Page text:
The North Carolina Historic Bridge Inventory, completed in 2005, recommended 204 highway bridges as meeting the standards of historic significance and integrity of the National Register of Historic Places.
Before the inventory, the N.C. Department of Transportation did not have information on the total number of historic bridges in its care and their distribution about the state, much less detailed information on individual historic bridges. This lack of information made it difficult to place the bridges within historical context, and decisions about the significance of any particular bridge were often impossible.
With the inventory of the 5,000-plus bridges built before 1961, NCDOT and its partners in the State Historic Preservation Office and the Federal Highway Administration have a useful tool to help guide their preservation decisions and to implement the procedures for protecting historic resources under the applicable legislation. The inventory is also a marvelous snapshot in time, documenting older bridges throughout the state.
Challenges remain. If the history of North Carolina's highway bridges during the 20th century teaches a lesson it is that transportation networks are dynamic systems, constantly changing to meet new traffic demands and safety standards.
The highway improvement campaigns that began in the late 1910s and continued through the '50s nearly wiped away the bridges of an earlier era. By 1960, less than 10 covered bridges remained in North Carolina. Today, the number has dwindled to one. As time passes, other examples of the state's bridge building legacy might be lost. For example, the number of pin-connected, metal-truss bridges is perilously small.
Fortunately, during the past 30 or more years sensitivity to preserving historic bridges has increased. For federal projects, legislation exists that requires consideration of alternatives that will not harm historic resources. The NCDOT employs specialists who see that projects involving historic bridges or other historic sites receive vigorous and thorough review in consultation with the State Historic Preservation Office and other federal agencies where relevant.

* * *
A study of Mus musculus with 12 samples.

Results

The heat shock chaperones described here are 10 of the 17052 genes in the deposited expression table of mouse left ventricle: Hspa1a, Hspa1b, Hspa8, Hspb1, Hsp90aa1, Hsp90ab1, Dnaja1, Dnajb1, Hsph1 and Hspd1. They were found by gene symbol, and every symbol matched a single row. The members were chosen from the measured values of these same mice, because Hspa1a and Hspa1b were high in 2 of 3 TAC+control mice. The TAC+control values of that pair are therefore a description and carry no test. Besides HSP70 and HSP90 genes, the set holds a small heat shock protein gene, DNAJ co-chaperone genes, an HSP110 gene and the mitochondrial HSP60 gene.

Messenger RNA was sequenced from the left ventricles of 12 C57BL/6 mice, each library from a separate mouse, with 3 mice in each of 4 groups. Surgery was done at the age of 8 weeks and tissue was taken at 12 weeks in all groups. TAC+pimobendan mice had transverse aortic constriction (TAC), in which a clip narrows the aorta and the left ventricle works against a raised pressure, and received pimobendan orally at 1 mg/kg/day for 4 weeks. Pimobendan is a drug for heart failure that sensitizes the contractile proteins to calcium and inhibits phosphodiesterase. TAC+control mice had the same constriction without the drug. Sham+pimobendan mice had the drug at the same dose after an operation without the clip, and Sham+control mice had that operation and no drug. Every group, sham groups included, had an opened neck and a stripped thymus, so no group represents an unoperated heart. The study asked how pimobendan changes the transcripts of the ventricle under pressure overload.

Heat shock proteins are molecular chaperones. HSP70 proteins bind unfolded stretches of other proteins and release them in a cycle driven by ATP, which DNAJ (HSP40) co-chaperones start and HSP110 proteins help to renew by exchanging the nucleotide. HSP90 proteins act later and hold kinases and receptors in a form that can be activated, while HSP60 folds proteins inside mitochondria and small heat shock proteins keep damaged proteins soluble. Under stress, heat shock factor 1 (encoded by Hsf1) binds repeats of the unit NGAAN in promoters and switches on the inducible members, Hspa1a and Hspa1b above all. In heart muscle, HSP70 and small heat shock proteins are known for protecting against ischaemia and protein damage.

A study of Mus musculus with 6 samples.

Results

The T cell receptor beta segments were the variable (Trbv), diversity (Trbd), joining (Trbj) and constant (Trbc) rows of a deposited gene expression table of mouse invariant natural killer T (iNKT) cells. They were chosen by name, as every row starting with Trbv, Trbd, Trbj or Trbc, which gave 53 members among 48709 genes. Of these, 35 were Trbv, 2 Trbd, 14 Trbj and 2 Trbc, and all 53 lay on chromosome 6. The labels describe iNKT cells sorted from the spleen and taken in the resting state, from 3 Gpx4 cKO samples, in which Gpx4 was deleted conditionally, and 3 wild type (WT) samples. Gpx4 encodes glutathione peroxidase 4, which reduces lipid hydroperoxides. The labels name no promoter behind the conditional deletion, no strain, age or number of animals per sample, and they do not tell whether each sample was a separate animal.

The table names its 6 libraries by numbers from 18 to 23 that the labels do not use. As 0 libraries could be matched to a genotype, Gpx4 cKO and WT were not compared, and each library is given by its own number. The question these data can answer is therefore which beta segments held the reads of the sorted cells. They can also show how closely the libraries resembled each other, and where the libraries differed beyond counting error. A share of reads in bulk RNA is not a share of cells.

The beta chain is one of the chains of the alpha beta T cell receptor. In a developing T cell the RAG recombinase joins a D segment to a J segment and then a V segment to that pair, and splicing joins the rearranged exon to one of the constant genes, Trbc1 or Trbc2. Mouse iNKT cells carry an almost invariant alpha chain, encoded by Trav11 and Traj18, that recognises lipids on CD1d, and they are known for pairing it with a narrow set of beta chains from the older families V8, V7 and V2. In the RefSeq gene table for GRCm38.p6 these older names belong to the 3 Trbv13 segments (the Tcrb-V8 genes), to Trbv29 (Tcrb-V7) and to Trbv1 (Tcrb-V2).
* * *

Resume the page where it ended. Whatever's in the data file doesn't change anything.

In the end, much comes down to costs and available options. What alternatives exist that will preserve the historic bridge while maintaining public safety and the efficiency of the highway system? Are these costs and options prudent and feasible? The answers to these questions usually point to one of five options.
First, do nothing at all, but that often works only where traffic volumes are low and the bridges are in good condition.
Second, build a new bridge without removing the historic one, either maintaining it in local service or closing it, an option that does not resolve the problems of long-term maintenance costs and safety.
Third, rehabilitate the bridge without affecting the historic integrity or qualities that make it significant. This option has become increasingly viable as engineers have worked out many cost-effective ways to rehabilitate bridges and to meet modern standards, especially for bridges on low-volume roads where the standards have greater flexibility.
Fourth, relocate the historic bridge to a new site, an option that is only viable for a limited number of bridge types, trusses particularly, and which requires finding a new owner willing to accept responsibility and maintenance. NCDOT has had some notable successes with this approach, relocating truss bridges to pedestrian trails.
Fifth, recording the bridge for posterity before demolition if no other option is viable. This last option is not ideal, but it is hoped that the information now on file at the NCDOT and the State Historic Preservation Office — part of which is included within this website — will provide a permanent record of the state’s historic bridges and spur efforts to save them.